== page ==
My week journal:
2.-Characterize the design rules:
If you want to know the group assessment of this week, click on the image of SediCupCt.
3.-My first FabISP
to work in this week, I selected an In-System Proramer (ISP). In this case I selected the Neil's model FabISP.
I dowload the circuit board traces, and the outline in png to work with this in the software to milling.
I also download the labeling diagram board, to know where I should solder the different components that I need.
The list of components is:
x1 ATTiny 44 microcontroller
x1 Capacitor 1uF
x2 Capacitor 10 pF
x2 Resistor 100 ohm
x1 Resistor 499 ohm
x1 Resistor 1K ohm
x1 Resistor 10K
x1 6 pin header
x1 USB connector
x2 jumpers - 0 ohm resistors
x1 Crystal 20MHz
x2 Zener Diode 3.3 V
x1 usb mini cable
x1 ribbon cable
x2 6 pin connectors
To mill the ISP I use a 1.57mm thick PCB and to generate the g code I use the Cut 2D software.
I will need a 0.4mm bit to make the tracks and a 0.8mm bit to cut the copper board.
I generate the code for the milling of the ISP cut.
Then I take the code to the software that controls the milling machine. So I put the copper plate in the area for milling, I put the milling bit, the origin of the milling and I run.
With the plate milled, now I take all the components that I am going to solder.
4.-Soldering the FabISP
I connect my FabISP to the computer with the mini usb connector, and it appears in the device manager, but the FabISP is unknown because I need to program the microcontroller. At the moment, this is normal.
I need to get and install avrdude.
“WinAVR (tm) is a suite of executable, open source software development tools for the Atmel AVR series of RISC microprocessors hosted on the Windows platform. Includes the GNU GCC compiler for C and C++.”
Now I download the FabISP drivers.
** Before installing drivers, I connect a USBtiny board that is already programmed and install the drivers so that it detects it. I connect a UBBTiny and see that it detects it.
To continue, I rely on the following guide: http://fab.cba.mit.edu/classes/863.16/doc/projects/ftsmin/windows_avr.html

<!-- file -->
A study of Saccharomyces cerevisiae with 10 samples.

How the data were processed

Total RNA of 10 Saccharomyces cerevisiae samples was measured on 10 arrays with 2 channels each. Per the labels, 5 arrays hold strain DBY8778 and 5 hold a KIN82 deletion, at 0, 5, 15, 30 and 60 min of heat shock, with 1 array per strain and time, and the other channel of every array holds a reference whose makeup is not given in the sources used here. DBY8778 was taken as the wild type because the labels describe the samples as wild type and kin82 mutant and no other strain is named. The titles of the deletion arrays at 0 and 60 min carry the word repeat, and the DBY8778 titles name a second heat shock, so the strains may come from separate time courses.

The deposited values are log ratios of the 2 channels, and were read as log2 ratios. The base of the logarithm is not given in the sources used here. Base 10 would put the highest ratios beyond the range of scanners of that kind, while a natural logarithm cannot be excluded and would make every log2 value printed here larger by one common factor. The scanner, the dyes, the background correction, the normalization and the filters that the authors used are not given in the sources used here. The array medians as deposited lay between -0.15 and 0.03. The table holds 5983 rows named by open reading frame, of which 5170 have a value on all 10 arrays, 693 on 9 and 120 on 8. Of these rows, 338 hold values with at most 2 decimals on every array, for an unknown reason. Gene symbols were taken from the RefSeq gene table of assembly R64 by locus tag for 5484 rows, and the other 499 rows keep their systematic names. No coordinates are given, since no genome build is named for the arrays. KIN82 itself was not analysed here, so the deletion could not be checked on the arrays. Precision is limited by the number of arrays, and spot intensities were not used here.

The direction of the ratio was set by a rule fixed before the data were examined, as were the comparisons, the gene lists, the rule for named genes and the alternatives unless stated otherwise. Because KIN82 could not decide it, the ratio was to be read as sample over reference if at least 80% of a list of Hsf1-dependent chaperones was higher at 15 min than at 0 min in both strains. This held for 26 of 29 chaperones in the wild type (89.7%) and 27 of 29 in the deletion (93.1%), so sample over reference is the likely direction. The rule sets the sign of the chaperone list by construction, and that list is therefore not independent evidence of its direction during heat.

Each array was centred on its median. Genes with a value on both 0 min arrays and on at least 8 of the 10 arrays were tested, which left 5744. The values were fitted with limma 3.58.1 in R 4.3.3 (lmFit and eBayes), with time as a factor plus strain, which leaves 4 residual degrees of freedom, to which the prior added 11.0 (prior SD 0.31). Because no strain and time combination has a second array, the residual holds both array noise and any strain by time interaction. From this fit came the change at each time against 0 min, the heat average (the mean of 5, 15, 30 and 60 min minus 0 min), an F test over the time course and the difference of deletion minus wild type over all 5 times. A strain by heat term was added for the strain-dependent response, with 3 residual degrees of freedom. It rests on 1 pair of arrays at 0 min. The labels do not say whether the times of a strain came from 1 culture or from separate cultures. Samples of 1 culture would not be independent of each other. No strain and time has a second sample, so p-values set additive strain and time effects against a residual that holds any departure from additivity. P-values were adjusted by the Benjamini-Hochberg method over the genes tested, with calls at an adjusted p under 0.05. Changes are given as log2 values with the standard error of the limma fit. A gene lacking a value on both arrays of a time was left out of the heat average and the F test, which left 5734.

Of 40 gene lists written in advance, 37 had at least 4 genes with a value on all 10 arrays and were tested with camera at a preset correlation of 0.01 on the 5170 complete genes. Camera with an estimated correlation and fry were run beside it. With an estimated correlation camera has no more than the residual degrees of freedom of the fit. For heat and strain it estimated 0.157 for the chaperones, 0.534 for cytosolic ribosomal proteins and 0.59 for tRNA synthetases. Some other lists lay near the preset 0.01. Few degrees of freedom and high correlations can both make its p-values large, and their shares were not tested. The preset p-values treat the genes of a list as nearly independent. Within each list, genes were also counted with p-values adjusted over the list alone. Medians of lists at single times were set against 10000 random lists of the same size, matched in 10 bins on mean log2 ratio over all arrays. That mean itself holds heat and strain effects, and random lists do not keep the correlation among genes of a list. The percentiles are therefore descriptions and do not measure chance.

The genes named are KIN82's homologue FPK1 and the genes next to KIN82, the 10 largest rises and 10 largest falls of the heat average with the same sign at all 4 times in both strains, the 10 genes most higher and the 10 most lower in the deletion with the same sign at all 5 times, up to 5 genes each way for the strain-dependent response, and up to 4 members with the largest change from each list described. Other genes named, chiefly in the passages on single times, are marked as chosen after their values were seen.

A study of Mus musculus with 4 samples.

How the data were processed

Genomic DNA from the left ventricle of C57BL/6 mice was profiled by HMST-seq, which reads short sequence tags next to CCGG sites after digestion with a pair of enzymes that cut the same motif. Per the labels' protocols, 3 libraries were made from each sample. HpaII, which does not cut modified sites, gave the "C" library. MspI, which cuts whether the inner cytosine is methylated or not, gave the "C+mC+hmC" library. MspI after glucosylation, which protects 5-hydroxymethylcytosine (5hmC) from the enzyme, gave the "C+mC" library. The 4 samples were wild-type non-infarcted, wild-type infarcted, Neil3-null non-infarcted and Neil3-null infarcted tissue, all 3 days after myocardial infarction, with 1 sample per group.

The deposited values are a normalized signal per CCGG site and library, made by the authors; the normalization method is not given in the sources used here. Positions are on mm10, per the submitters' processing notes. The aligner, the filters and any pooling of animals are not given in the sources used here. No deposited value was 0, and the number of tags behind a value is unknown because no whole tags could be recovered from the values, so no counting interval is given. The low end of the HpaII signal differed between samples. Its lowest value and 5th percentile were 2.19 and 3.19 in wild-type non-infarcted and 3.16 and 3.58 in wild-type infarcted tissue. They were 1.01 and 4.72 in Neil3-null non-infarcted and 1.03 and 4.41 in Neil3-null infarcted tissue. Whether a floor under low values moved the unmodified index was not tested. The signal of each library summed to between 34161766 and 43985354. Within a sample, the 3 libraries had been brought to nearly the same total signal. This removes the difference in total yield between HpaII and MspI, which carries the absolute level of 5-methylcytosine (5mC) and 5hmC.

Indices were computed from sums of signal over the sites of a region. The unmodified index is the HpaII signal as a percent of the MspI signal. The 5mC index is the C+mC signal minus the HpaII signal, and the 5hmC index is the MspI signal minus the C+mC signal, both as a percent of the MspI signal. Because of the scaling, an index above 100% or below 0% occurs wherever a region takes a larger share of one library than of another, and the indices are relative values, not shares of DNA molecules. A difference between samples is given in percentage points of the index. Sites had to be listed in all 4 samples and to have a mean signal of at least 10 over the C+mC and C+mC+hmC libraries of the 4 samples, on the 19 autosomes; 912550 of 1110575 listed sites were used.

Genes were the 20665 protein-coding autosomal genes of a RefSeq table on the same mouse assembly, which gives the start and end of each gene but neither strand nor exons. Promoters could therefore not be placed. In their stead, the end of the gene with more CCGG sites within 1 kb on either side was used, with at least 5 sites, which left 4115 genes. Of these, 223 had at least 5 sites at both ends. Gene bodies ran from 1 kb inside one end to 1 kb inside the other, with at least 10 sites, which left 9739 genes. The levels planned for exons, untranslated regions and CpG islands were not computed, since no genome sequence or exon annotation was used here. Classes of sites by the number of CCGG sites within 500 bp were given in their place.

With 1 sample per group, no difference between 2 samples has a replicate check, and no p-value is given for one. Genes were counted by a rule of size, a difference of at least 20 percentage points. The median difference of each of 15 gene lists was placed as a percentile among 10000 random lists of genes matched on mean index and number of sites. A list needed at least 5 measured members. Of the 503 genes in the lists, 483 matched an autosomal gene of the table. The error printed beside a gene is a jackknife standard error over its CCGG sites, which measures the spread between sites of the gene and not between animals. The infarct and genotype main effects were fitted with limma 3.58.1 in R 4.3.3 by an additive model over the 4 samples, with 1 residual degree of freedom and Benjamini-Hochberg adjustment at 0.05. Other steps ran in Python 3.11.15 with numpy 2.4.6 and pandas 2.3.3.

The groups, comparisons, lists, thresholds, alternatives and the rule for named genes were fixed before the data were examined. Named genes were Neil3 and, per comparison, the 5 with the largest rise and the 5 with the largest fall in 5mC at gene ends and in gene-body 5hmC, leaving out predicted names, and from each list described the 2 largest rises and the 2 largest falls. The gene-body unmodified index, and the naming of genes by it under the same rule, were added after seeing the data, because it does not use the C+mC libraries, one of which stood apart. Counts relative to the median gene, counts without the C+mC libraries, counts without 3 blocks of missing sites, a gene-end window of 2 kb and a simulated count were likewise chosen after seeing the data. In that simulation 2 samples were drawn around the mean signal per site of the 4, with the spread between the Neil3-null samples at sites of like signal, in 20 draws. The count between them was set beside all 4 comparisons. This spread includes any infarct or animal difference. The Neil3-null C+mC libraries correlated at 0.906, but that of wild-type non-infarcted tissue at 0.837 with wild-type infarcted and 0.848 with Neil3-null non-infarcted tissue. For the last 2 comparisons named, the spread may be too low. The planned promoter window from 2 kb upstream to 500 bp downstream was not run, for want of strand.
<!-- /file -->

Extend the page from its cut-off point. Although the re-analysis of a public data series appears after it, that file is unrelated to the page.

1. Unzip the ARV Toolchain in the desktop: avr8-gnu-toolchain-win32_x86 2. I install GNU 3. I install AVRdude: in program files 4. Set environment variables
After this steps, I install Zadig: https://zadig.akeo.ie/
6.- Git Bash:
Now is the time to use the console, in this case with Git Bash, to program the microcontroller.
*** In the makefile file change the line "AVRDUDE", by my programmer, in this case I activate the usbtiny and deactivate the avrisp2.
Connect the two programmers with the 6-pin cable
From git, activate the location of the firmware folder and run the commands:
Disconnect the programmer used to program our board and to verify, we only connect our board to see that it has been properly programmed. It should appear in device manager.
if it is detected by the computer, the jumpers can already be unsoldered (R = 0)
6.- I've had some issues:
1.- It was not very clear, if you have to use a "mother" programmer to program our board. In some tutorials, it seems that it is not necessary. First of all, I started without a programmer and I didn't get anything until I read correctly that you had to use another programmer to program the board.
*** The solution was to use another programmer connected by 6 pin connector to program my FabISP.Remember to configure the "makefile" with the microcontroller that is being used (in my case it was the Atiny44).
2.- When I programmed my board, I had no errors programming with Git Bash, all steps were 100% complete and error-free. But in device manager my board was not recognized, I took a morning to find out why. It was a USB pin, which gave continuity with the multimeter, but the solder lacked more tin to fix it better.
*** Although it was 100% well programmed, the solution was to review the solder of the pin indicated in the image, and the computer detected it.
7.- My experience and conclusions from WEEK4:
Until this week I think that no electronic board had been milled. It was a bit fun preparing it for me. During the race I had used OrCad, but only to draw circuits, not to get results. As OrCad is not free, I used Eagle and it is really fine once I got used to it.
To solder the plate it was regular. I say regular because I had not welded for years and when programming I had problems. The solution was to check the solder and it worked.
I have never made my own programming circuit so I learned quite a bit this week.
“What went wrong”: A USB pin from the programmer, which gave continuity to the multimeter, gave problems. The solder was missing more tin to fix it better.
“What went well”: When fixing the solder, I work first time. When programming it gave no problem.
“What will you do differently next time”: I would try some programmer for SAM microcontrollers and other welding technique.